O3 will extend internal security to the cloud
Symantec has unveiled a new security platform that it says will protect all enterprise cloud applications and infrastructures.
At its Vision event in Barcelona the firm said Symantec O3 will enable companies to extend their internal security policies out to both public and private cloud infrastructures.
While claiming that cloud computing is not inherently insecure Symantec does say that comprehensive security and compliance platforms are still "missing," and CEO Enrique Salem added that security is still the main worry for businesses when it comes to adopting cloud computing.
O3 – described by Francis deSouza, group president of enterprise products and services as like, "an ozone layer of security, sitting above the cloud infrastructure" – offers three primary core security layers.
First, deSouza explained, is the Access Control layer. This uses pre-existing enterprise identification and authentication policies to ensure that the right people have access to the cloud services. If an employee leaves the company their access will be automatically revoked.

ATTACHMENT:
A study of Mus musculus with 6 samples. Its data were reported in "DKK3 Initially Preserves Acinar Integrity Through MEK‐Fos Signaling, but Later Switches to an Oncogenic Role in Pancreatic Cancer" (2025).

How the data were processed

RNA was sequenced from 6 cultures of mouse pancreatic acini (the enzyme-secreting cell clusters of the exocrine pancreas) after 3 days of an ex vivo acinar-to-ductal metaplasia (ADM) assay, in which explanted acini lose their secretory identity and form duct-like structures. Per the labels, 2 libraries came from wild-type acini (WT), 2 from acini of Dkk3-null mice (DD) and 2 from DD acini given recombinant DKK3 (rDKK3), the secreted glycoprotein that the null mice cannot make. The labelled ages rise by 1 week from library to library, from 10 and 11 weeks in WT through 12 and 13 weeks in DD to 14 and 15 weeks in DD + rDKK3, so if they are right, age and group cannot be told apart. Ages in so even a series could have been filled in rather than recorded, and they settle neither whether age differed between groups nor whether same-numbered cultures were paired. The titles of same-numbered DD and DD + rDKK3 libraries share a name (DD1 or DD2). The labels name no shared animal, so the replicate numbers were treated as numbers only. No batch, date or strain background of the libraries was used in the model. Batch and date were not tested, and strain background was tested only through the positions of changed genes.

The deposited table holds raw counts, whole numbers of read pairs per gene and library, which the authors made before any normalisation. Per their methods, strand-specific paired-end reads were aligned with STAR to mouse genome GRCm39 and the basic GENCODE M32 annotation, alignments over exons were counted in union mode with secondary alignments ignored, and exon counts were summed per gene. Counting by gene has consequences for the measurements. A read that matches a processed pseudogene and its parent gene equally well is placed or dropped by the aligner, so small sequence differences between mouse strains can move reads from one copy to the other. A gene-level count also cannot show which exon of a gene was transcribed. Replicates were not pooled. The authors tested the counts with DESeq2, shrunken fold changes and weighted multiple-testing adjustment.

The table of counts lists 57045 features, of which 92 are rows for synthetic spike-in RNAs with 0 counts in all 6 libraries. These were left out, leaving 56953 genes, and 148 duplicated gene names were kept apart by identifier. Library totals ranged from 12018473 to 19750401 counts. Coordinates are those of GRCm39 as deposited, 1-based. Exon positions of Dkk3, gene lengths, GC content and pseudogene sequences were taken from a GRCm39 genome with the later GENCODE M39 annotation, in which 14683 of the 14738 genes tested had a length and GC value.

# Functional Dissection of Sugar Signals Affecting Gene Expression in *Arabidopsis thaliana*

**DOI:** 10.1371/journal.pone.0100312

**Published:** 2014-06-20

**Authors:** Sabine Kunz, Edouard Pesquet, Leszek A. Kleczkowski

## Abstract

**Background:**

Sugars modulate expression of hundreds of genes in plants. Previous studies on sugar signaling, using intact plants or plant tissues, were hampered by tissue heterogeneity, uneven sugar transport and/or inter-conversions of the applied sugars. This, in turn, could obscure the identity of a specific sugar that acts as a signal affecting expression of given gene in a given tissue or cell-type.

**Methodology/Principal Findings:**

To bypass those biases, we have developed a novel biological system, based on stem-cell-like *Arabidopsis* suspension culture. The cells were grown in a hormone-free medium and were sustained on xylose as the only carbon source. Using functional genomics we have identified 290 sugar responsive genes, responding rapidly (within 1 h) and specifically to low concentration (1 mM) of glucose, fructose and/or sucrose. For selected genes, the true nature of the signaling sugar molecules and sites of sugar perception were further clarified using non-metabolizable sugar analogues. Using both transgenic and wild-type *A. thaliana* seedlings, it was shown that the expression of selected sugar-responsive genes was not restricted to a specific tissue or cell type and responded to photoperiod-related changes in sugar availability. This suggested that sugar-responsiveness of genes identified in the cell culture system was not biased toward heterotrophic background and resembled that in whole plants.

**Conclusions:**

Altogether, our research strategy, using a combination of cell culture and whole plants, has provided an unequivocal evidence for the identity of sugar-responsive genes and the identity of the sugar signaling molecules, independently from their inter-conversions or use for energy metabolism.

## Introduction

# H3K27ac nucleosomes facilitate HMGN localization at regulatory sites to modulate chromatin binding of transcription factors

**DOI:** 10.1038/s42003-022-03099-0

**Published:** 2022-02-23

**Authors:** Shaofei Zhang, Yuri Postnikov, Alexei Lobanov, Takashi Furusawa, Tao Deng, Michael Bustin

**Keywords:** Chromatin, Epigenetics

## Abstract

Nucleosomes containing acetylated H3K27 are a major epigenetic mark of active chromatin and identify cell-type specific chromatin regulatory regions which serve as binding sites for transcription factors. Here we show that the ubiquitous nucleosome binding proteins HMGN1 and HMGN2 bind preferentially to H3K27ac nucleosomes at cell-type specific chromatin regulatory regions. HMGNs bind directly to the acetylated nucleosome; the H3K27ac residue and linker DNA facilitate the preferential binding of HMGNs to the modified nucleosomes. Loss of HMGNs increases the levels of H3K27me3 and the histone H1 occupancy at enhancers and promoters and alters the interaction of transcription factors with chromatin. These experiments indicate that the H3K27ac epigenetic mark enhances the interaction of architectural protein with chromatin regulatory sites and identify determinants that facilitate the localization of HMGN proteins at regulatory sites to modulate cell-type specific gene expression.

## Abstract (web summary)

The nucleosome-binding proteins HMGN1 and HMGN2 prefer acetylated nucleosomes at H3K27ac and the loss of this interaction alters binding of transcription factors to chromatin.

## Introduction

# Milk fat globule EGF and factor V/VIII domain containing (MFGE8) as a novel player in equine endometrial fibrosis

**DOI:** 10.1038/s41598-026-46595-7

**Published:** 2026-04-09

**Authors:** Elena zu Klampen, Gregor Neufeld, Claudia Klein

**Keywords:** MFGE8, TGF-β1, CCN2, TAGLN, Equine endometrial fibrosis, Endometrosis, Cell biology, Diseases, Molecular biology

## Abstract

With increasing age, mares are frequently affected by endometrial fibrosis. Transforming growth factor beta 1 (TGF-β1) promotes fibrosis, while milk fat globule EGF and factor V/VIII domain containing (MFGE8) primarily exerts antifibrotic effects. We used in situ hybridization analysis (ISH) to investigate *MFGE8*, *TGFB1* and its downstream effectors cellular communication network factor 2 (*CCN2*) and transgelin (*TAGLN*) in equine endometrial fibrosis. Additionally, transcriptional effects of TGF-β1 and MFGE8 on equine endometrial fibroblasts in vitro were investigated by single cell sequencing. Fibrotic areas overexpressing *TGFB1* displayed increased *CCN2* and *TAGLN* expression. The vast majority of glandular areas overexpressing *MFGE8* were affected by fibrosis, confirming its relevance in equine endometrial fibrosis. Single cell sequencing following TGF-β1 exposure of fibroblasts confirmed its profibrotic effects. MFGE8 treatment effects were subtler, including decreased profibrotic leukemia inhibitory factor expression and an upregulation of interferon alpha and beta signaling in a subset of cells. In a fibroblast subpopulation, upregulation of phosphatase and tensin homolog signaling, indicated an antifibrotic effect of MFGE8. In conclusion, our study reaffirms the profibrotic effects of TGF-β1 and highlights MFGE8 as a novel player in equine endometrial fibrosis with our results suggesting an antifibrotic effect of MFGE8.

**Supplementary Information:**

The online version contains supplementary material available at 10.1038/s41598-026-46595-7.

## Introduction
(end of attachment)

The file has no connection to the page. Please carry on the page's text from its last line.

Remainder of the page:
Next up is the Information Protection layer. This uses Symantec’s data loss prevention (DLP) technology and its PGP encryption capabilities it acquired last year to automatically detect, block and encrypt confidential information before it is sent to the cloud.
The third layer is that of compliance and governance. This includes what Symantec calls a visibility layer which aggregates the cloud-related security events to enable auditing, the company said.
Symantec O3 is currently in an early access beta programme and general availability is expected in 2012, with no more specific guidance given in terms of timings.
This year’s Symantec Vision event has seen the company make a big play in the cloud space. CEO Enrique Salem said it is the biggest change to hit IT in 30 years and is forcing IT departments to re-think how IT works.
He also said the firm will push ahead with acquisitions in the cloud space – along with mobility and virtualisation – and will be looking at deals valued between $750m and $1.25bn. Symantec has in fact been relatively quiet on the acquisition front recently. Its $390m deal for eDiscovery firm Clearwell in July is its only deal this year.
Salem also spoke about Intel’s acquisition of rival security firm McAfee, describing it as, "the best thing that could have happened to Symantec" as it left them leading the field on their own. He also said recent security acquisitions by the likes of IBM, HP and Dell validate the industry. "I’m glad they’ve woken up [to security]," he said. "They know it needs to be everywhere."